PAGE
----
The Pot Thief Who Studied Billy the Kid
J. Michael Orenduff
Whit Fletcher was born in Tucumcari in 1960. After graduating from Tucumcari High school where he made second team all-state as a defensive tackle, he joined the Army and trained as an MP at Fort Leonard Wood. He received an honorable discharge in 1981 and enrolled in the New Mexico Police Academy. He joined the APD in 1982, eventually working his way up to Detective First Grade in 1996.
So what have you been doing since the last big case?
Mostly trying to bust the drug dealers, but I’m getting to the point of wondering why we bother. If they ain’t back on the street in forty-eight hours, some other punk takes their place, and business continues as usual. Almost make me wish I was back in uniform.
How did you become involved in this case?
I usually get involved with Hubert Schuze when he gets into hot water because of his pot stealing, but this time he actually called me.
Tell us about this case.
Hubert told me a guy he knew was looking for old pots and accidentally dug up a body. And not an old mummy. This here was someone recently died. Or was killed. I say to him, “So you was out digging for pots and found a fresh corpse.”
“It wasn’t me,” he says.
“Right,” I say.
“It was a guy you know.”
“What’s his name?”
“See, that’s the problem. He told me about finding the dead guy because he wanted the
police to know. But he doesn’t want to get involved because he wasn’t supposed to be digging in a prehistoric site. So I can’t give you his name.”
“Okay, Hubert, I’ll play along. Where did this guy find the stiff?”
“I can’t tell you that, either.”
Well, we went round like that for a few minutes, and I agreed to nose around and see if there was a missing person that might be the body Hubert claims he didn’t find. And because there could have been some valuable pots in that site, I figured maybe there would be a few bucks in it for me being helpful.
Was there ever a time during this case that you doubted those that you normally trust?
Nah. I knew Hubert was lying to me right off, but he’s done that before, and it don’t stop me from trusting him. He’s so bad at lying that it never fooled no one. And every time he and I scratch each other’s backs, money seems to end up in my pocket.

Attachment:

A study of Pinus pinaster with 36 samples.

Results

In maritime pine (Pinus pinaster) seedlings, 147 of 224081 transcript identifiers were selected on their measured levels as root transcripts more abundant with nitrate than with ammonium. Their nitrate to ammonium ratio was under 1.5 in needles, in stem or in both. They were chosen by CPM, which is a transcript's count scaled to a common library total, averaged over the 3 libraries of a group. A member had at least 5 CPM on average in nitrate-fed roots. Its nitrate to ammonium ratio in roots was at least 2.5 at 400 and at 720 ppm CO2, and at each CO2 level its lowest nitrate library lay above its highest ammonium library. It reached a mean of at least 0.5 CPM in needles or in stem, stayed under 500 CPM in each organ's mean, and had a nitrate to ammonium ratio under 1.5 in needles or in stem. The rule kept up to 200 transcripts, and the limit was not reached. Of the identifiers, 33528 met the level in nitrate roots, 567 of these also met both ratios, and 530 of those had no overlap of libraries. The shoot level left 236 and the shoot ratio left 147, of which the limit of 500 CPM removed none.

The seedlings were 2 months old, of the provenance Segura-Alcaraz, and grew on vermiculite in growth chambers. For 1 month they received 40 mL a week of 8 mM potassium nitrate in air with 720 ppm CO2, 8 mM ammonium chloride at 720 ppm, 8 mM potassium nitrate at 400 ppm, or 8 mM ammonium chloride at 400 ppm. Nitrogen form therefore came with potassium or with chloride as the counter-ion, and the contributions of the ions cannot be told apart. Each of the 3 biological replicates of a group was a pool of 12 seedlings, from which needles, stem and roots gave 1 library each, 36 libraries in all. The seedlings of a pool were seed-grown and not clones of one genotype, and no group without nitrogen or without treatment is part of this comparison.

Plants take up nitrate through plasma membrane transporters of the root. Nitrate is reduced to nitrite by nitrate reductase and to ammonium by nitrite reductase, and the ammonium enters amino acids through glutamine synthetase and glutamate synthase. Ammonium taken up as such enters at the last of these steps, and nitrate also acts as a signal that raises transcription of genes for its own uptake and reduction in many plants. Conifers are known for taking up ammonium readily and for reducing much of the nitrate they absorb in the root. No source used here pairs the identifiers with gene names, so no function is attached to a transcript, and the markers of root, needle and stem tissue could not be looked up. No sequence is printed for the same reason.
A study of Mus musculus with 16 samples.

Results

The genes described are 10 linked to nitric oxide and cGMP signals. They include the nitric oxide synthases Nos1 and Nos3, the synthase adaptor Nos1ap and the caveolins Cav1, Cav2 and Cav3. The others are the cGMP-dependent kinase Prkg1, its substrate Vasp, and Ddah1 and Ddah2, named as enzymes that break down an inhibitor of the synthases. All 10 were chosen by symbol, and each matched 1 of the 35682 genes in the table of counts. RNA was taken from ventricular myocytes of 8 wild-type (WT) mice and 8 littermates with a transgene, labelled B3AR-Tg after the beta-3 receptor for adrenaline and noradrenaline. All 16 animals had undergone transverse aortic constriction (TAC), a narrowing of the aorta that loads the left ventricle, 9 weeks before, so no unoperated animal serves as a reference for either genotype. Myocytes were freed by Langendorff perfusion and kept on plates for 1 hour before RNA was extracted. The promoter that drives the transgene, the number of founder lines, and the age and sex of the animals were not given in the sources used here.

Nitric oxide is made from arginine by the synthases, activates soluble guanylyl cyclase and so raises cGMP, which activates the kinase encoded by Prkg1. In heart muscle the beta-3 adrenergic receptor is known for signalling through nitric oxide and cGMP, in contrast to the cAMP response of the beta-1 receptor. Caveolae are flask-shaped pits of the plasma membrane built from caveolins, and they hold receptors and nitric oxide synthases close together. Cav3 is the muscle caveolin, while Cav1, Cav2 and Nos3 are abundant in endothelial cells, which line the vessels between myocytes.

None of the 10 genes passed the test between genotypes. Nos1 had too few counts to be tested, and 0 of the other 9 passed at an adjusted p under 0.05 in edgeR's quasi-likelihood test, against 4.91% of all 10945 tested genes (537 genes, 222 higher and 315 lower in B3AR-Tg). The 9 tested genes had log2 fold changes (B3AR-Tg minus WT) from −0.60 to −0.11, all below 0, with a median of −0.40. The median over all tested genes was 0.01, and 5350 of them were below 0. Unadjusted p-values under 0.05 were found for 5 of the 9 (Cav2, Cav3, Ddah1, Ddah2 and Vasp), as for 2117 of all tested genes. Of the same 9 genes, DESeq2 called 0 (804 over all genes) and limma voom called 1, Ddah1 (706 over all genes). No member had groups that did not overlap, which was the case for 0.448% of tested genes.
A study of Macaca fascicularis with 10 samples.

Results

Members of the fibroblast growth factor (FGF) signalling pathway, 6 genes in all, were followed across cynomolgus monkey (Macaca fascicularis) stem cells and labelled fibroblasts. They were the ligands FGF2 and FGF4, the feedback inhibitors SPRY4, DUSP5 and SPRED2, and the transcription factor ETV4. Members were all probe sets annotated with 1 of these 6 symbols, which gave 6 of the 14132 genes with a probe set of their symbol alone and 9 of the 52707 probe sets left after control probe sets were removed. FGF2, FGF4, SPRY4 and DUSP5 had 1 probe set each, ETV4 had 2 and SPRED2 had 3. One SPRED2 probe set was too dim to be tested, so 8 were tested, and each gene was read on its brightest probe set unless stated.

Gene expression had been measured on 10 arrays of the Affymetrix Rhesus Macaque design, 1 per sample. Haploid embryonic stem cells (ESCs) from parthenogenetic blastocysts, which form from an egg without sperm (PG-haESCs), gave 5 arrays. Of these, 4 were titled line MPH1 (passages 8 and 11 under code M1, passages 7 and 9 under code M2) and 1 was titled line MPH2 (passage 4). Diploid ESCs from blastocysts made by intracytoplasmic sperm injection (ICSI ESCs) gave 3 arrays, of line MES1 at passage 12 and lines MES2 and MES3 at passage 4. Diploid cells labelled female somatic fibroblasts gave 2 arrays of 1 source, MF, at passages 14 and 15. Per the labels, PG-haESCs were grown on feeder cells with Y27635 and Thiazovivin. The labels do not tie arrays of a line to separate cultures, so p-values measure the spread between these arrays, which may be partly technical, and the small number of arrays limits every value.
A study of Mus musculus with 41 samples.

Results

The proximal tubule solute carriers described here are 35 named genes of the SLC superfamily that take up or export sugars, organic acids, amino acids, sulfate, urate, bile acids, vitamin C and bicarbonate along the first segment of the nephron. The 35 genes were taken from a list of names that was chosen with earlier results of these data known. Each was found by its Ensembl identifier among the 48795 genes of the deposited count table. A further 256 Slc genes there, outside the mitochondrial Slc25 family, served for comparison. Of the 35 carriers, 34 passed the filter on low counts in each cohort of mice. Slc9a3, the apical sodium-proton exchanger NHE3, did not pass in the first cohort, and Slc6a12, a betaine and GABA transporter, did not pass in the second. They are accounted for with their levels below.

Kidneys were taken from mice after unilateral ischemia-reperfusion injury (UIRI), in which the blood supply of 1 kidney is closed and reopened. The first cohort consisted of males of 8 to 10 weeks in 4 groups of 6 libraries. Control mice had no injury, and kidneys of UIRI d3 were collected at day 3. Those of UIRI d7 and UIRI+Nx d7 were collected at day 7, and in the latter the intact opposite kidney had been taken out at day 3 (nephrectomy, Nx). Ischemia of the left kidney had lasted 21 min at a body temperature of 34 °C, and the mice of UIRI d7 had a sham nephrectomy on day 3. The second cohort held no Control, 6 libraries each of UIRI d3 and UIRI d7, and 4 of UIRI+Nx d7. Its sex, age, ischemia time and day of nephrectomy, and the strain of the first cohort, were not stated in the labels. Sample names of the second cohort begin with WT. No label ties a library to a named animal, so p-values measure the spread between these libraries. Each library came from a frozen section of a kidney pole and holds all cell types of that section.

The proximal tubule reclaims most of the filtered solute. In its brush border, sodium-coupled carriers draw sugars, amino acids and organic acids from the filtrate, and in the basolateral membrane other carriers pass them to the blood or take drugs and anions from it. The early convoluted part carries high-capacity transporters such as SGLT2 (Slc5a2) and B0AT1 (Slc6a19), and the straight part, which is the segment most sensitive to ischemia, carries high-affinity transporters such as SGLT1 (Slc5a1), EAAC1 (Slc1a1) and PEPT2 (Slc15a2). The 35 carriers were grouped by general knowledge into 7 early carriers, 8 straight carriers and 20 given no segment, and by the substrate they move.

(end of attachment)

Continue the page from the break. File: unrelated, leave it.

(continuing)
How dangerous was it to solve this case?
He’s put me in a few tight places before, but this time the risk was all his. All I did was run down all the missing persons from the area he’s been digging in and match one up with the facts as we knew them. It was Hubert who figured out what happened to the dead guy. Then he pulled another one of his stunts and decided to check on the murderer to collect evidence. Damn near ended up in the grave where he had found the body.
Did working on this case affect you emotionally?
I guess you could say I was depressed for a while. I was hoping for half the money from one of them old Anasazi pots, but the bad guy who nearly killed Hubert had already picked the site clean. All Hubert could find was one lousy shard. That’s what they call a piece of one of them pots. Even a piece sold for a thousand bucks.
How did this case affect your personal life?
Well, I’m a big fan on University of New Mexico football. And my half of the shard money was enough to get one of those flat screen TV’s, although the way the Lobos have been playing, I can hardly stand to watch ‘em.
Just to wrap things up, what happened to the guy who killed the person Hubert found?
Well they couldn’t make a murder charge stick because the dead guy was one of those nuts who beat themselves with whips and even volunteer to haul a cross and be tied on it. Sometimes they even get their hands nailed to it. Someone dies under those circumstances, you can’t really say they were murdered. When I told Hubert that he said, “Maybe most of them are nuts, but some could be saints. Before you criticize a man, you should walk a mile in his moccasins.”
“That’s good advice,” I told him.
“It is?” he said. He seemed surprised that I liked his advice because he knows I don’t go in much for corny sayings like that.
“Sure,” I said. “It’s good advice because if he don’t like your criticism, there ain’t much he can do about it because you’re a mile away from him and he’s barefooted.”
But they did get the guy for kidnapping Hubert, so he’s in the State Pen.
Mike Orenduﬀ grew up in a house so close to the Rio Grande that he could Frisbee a tortilla into Mexico. While in graduate school at the University of New Mexico, he worked during the summer as a volunteer teacher at one of the nearby pueblos. After
receiving his M.A. at New Mexico and his Ph.D. at Tulane, he became a university professor. He went on to serve as President of New Mexico State University. He took early retirement from higher education to write his award-winning Pot Thief murder mysteries which combine archaeology and philosophy with humor and mystery. Among his many awards are the “Lefty” national award for best humorous mystery, two“Eppies” for the best eBook mysteries and the New Mexico Book of the Year Award. His books have been described by The Baltimore Sun as “funny at a very high intellectual level and deliciously delightful” and by The El Paso Timesas “the perfect fusion of murder, mayhem and margaritas.”